Corrigin apex yield trial site - July 2020.
In 2019 we established the first of our Apex Yield series trials. These trials are aimed at providing a range of nutrient treatments at the high end of the scale to determine the yield response potential of popular wheat varieties, often selected for their farm use based on National Variety Trial yields.
The results so far have been quite extraordinary and show just how important balanced, early nutrient availability is if growers are to capitalise on ever improving varieties. It's clearly not just about addressing deficiencies if you want to achieve the biggest rewards.
Results to date show that in 2019 on a highly productive soil at Dandaragan, Scepter wheat yield did not 'top out', even when 190 kg N/ha was applied for the season (see Figure 1, full trial report available here). This trial also builds on the evidence that early in-season N application (in this case applied between 4 and 8 weeks after emergence) produced a significant yield advantage over later applications (8 and 12 weeks).
In 2020 the Apex Yield series continued, including a site near Corrigin. Soils at this site were moderate in P status and showed marginal surface K that increased with depth. This trial design incorporated N, P and K rates, with N in-particular applied to a high rate of 240 kg/ha. Despite challenging conditions post seeding and a decile 2 growing season rainfall of 188 mm (64 mm below average - Figure 2) individual plots of Scepter wheat in this trial achieved yields of up to 4.9 t/ha.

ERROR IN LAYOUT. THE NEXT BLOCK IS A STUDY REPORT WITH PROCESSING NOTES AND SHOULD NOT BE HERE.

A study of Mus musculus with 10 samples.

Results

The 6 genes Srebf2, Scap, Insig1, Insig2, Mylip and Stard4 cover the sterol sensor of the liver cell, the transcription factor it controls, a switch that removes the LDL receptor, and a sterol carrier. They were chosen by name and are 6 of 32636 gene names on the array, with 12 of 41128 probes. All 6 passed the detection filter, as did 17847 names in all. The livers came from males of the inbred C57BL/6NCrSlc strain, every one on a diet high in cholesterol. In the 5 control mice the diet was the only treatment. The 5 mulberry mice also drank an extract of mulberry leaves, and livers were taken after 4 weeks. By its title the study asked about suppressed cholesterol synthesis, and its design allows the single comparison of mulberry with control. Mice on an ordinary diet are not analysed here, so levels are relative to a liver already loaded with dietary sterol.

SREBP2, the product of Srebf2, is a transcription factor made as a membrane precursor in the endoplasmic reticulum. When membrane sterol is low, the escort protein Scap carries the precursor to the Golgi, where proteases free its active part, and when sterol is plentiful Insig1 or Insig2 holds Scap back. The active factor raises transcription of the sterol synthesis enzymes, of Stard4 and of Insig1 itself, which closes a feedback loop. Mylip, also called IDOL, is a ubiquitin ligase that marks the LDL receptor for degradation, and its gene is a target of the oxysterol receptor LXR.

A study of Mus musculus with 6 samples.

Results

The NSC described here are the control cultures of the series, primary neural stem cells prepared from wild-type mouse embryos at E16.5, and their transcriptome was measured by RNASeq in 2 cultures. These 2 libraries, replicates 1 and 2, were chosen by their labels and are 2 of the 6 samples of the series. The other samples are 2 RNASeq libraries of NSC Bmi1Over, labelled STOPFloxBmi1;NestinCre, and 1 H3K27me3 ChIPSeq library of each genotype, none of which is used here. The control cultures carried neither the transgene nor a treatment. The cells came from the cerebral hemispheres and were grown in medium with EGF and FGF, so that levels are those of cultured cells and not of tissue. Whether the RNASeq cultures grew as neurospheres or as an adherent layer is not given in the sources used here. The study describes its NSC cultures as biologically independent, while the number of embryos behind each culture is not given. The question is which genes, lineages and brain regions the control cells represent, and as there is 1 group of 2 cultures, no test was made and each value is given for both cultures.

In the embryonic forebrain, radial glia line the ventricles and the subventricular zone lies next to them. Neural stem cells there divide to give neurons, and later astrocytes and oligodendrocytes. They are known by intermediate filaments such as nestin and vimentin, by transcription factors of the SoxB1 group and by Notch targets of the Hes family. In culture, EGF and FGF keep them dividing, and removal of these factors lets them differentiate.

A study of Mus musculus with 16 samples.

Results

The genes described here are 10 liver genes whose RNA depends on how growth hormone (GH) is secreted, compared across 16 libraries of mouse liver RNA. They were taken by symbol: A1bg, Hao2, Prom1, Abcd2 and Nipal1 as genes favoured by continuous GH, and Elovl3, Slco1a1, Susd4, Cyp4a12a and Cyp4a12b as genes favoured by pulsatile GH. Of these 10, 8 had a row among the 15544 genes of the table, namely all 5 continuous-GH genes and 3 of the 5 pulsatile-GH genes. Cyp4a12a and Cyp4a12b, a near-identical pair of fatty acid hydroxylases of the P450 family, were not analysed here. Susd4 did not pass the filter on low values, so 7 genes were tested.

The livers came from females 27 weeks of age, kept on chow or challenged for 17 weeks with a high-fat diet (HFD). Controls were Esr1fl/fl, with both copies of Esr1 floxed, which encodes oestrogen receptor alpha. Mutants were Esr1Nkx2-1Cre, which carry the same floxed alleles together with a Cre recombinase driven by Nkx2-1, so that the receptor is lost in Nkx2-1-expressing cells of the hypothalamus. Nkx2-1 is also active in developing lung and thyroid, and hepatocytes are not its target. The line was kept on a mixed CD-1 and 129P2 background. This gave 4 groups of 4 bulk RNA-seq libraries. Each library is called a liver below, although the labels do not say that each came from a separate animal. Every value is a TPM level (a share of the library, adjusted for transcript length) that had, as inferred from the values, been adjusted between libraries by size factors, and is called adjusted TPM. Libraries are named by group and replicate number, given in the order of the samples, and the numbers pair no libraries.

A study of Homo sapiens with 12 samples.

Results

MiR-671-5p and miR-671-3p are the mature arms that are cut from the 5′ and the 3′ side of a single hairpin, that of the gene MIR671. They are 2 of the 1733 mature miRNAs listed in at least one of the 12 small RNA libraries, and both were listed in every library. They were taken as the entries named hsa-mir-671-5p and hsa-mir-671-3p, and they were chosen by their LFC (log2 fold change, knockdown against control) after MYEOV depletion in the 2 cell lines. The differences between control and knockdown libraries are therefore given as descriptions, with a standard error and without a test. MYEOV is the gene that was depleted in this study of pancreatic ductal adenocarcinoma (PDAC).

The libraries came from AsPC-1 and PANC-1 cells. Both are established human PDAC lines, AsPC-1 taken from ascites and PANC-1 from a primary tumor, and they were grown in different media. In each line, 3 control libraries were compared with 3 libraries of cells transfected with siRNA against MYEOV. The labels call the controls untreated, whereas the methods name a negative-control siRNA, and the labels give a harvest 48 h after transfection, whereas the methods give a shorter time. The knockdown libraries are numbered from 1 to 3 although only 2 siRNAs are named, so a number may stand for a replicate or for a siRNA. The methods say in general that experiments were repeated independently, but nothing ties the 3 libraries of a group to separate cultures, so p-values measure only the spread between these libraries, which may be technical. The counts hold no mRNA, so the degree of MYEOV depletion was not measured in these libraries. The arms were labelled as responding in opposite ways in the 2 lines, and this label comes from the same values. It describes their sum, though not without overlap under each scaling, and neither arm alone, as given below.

The value of establishment P providing a foundation for in-season N to push yield higher was clear, as maximum yields stepped up progressively through P application of 0, 8, 16 and 24 kg/ha.
While increasing rates of P and N to such high levels achieved striking yield gains, the Corrigin site also showed how supplementary K can have an important supporting role. Applying 20 kg K/ha along with the banded P boosted yield by an additional 400 kg/ha (Figure 4).
It is important to maintain a balance of all nutrients especially if rapid growth rates are encouraged by other management practice, such as applying high P and N rates.
View the trial Corrigin trial report here.
Importantly, optimising nutrition will dramatically increase rainfall use efficiency . The poorest treatment in the Corrigin trial, the nil control, achieved yield of 13 kg/mm of growing season rainfall. Applying 180 kg of N/ha only improved this to 16.5 kg/mm. However, if the optimum trial treatment of 16 kg P, 20 kg K and 240 kg N/ha is selected, rainfall use efficiency jumps to almost 24.5 kg/mm.
The rainfall use efficiency achieved at the Corrigin site was extraordinary, demonstrating the value and resilience of breeding lines adapted to the evolving WA climatic conditions.
These results provide further support for the need to select the most appropriate combination of nutrient rates to take full advantage of both site and genetic potential, rather than rely on N alone.